Hispanic Heritage Month: Tech. Sgt. David Rodriguez


JOINT BASE SAN ANTONIO-LACKLAND, Texas – It’s Hispanic Heritage Month! In 1988, President Ronald Reagan signed the commemoration into law to recognize the significant contributions and influence of Hispanic Americans to the history, culture and achievements of the United States and the Air Force.

The theme for this year's celebration is, “Unidos: Inclusivity for a Stronger Nation.”  The theme encourages the nation to ensure that all voices are represented and welcomed to help build stronger communities and a stronger United States.

Meet Tech. Sgt. David Angel Rodriguez, a ground combat readiness instructor at the Air Force Security Forces Center’s Desert Defender Ground Combat Regional Training Center at Fort Bliss, Texas.  Rodriguez shares his experience serving in the military and what Hispanic Heritage Month means to him.  

Here’s more from Rodriguez:

How do you support AFIMSC and the Air Force? 
I’m responsible for the training of 4,800 Defenders annually on pre-deployment critical skillsets, preparing the next generation of Defenders in direct support of future combat operations. I’m also responsible for more than $4 million in Air Force Installation and Mission Support Center deployment assets. Additionally, I directly support Air Force Materiel Command by training and equipping warfighters while developing operationally capable Defenders. Developing our Defenders is tied directly to the U.S. Air Force’s overarching goals to protect and defend the United States from our adversaries.  

What does Hispanic Heritage Month mean to you? 
It represents a time to celebrate my heritage and roots that ground me in this world and country. Remembering the struggles and sacrifices my parents and grandparents had to endure to come to this great country of opportunity. Although I may speak, look and think differently than many of my peers, those are the things that make me unique. This month is also a time to reflect on how my actions on duty and off impact the way others see Hispanics.

I come from a Spanish and Mexican background, and both are rich in history and culture. I celebrate it by allowing my children to see the TV shows, from cartoons to sitcoms, I grew up watching as a child in a Hispanic home. (I also cheat on my diet with delicious dishes my mother brought with her from Mexico). More importantly, I teach my children about their heritage from history and family stories. It is vital, to me, my children are proud of their background.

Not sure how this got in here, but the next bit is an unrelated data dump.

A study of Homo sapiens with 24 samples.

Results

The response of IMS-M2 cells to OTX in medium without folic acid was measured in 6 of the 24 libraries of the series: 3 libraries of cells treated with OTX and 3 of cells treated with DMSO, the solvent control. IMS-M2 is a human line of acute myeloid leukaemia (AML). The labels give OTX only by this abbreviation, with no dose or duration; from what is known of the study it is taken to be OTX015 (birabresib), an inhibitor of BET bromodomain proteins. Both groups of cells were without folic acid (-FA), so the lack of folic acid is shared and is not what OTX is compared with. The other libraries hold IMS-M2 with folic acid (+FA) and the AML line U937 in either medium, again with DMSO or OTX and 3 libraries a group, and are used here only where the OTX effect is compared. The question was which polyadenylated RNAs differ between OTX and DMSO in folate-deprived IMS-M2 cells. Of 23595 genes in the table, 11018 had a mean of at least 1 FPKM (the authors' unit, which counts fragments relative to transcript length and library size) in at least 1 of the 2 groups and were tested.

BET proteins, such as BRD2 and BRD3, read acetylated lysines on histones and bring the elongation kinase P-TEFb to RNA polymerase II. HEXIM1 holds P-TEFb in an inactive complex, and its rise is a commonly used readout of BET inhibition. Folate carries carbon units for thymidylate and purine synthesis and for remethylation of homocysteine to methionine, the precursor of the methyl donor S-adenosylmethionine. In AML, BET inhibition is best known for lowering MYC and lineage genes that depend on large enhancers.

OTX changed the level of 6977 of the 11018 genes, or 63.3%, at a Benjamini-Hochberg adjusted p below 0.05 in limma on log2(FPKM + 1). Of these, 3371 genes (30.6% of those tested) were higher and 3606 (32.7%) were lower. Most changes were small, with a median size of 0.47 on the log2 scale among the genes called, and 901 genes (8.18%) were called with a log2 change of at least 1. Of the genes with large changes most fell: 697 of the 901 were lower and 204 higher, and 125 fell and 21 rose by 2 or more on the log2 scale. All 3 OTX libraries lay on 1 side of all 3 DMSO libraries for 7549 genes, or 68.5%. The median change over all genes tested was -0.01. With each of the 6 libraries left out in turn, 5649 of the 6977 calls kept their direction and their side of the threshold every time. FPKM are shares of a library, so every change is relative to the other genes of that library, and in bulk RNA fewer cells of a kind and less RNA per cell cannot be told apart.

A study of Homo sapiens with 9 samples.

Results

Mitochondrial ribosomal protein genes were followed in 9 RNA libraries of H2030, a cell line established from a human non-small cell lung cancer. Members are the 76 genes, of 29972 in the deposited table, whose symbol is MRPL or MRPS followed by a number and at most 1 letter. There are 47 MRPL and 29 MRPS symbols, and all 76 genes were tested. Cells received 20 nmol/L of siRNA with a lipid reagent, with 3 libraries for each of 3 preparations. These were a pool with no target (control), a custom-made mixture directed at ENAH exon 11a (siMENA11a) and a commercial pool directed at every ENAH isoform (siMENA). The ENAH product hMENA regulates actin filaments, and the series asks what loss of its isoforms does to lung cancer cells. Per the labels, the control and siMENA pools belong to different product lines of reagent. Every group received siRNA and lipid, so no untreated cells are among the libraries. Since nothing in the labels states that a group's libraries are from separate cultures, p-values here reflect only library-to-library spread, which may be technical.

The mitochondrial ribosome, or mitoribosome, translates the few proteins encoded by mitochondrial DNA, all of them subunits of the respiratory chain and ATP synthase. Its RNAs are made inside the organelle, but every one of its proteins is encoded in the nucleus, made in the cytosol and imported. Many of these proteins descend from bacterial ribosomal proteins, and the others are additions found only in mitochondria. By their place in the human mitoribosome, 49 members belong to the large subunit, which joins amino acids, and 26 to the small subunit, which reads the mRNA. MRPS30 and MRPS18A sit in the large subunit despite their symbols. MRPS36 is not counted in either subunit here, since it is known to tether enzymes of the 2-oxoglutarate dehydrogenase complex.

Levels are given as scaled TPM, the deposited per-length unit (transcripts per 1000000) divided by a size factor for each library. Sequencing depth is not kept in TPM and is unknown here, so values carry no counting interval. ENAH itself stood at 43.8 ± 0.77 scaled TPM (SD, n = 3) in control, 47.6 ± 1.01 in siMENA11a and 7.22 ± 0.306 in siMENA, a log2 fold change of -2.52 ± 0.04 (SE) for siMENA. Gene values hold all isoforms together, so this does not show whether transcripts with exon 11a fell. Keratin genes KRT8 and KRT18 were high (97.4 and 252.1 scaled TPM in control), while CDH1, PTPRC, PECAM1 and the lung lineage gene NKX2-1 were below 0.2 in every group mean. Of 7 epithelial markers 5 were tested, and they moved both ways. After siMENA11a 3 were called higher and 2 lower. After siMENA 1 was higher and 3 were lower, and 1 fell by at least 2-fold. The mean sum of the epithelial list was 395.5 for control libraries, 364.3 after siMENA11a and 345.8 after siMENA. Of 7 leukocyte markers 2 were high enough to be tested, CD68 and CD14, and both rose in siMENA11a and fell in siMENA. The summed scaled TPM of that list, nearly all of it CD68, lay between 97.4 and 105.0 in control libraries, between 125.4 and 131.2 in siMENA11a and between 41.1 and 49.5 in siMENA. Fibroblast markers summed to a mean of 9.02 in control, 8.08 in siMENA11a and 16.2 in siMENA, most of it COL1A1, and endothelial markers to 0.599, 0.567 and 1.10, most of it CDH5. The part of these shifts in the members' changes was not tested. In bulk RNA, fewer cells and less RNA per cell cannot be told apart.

My mother and father came to this country with almost nothing to give me and my four siblings a better life. They lost so much along the way to provide us with better opportunities in this world. My father worked 18-hour days to provide for us, sacrificing time and comfort away from home. My mother had to navigate through this country with no English skills. My grandfather came on a boat to Mexico seeking a better life, leaving behind his home, and seeking a new life in America.

I was raised in an impoverished town where most of the kids my age only spoke Spanish, including myself. This made me naïve to the fact the rest of the United States was not like my town. Once I joined the military, I realized how different I was and what it was like to be a minority. At first, it was embarrassing to even speak with my accent or to share my background of growing up in a trailer park town. Eventually, I learned to stop being embarrassed and embrace the things that made me who I am today. My accent is a reminder that my mother only spoke Spanish and didn’t stop helping each one of her children achieve a better life than the one she had growing up. Although people complained about how much we worked, I knew my father worked harder and longer hours for less pay.

When I put on my uniform, I always try to look sharp and squared away. I work my tail off every day whether it’s in the office, in the field or during physical training. I try to be as respectful to lower enlisted as I am to those who outrank me. I don’t do it for just me but every Hispanic out there. I strive to be an example to those who are in the military and those who are thinking of joining. To put a good light on what it means to be Hispanic.